Thirty countries require leaders to belong to a specific faith

    July 29, 2014 1:44 p.m.

    "Mississippi, North Carolina, Pennsylvania, Tennessee, Maryland, Arkansas and Texas all have language in their state constitution that notes the necessity of belief in God."

    Does a belief in Odin count?

  • Tyler D Meridian, ID
    July 28, 2014 2:22 p.m.

    This is de facto the case in the U.S. as well.

    Of all the group identifications (including Muslim, gay, adulterer and criminal) the person least likely to receive the votes of their fellow citizens is an atheist. Most likely this is due not so much to a lack of belief in the supernatural, but rather to the 3000 year PR campaign to convince people that belief in gods is synonymous with morality.

    And I wonder if the irony of this fact with respect to our Founders is lost on most Americans today, since to declare oneself a Deist in the 18th century (which many of the Founders did) is practically equivalent to declaring oneself an Atheist today.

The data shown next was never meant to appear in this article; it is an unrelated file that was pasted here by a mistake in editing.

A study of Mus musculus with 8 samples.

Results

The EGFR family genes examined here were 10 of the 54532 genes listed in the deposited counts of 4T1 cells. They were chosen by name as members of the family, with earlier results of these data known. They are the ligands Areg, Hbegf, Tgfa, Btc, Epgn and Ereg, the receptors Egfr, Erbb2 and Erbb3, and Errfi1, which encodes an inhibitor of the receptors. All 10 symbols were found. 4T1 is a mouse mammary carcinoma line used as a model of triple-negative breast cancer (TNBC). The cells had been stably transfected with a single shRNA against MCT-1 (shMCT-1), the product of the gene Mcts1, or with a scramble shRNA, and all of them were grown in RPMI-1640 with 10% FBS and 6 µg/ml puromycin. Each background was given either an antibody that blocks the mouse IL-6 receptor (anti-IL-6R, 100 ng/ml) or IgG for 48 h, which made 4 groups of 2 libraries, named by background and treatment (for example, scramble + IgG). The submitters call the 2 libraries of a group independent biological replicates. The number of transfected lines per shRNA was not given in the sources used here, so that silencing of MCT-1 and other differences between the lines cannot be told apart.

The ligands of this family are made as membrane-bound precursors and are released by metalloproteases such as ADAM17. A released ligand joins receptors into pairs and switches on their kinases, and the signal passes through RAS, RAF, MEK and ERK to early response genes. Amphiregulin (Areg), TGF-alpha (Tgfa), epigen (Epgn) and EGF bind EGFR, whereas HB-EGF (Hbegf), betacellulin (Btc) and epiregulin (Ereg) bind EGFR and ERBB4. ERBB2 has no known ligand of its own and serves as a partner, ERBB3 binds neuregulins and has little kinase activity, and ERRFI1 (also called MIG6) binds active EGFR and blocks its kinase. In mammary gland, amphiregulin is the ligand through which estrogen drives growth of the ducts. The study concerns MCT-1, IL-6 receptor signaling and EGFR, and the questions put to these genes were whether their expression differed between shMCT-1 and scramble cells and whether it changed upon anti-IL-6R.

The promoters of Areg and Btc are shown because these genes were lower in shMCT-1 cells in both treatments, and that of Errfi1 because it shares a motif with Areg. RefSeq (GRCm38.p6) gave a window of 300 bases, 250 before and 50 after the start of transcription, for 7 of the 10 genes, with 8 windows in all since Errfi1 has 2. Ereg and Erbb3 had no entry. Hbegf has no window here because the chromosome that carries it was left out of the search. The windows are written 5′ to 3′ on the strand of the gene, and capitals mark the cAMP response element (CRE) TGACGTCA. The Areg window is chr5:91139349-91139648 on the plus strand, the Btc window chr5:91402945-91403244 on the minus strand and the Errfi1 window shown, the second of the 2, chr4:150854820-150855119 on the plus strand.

It would be fun to distill this fact down to something that would fit on a placard and bring it to a Tea Party rally.

  • Hutterite American Fork, UT
    July 28, 2014 1:08 p.m.

    We sure seem to be pushing for it here, too.

  • koseighty The Shire, UT
    July 28, 2014 12:55 p.m.

    States that have religious tests in their constitution in violation of the U.S. Constitution:

    North Carolina
    South Carolina

  • Mr.Glass Salt Lake City, UT
    July 28, 2014 12:45 p.m.

    It's a good thing that we live in a country that doesn't require us to belong to religion in order to be a leader. Unfortunately, however, most people want candidates to belong to religion before they will consider voting for them.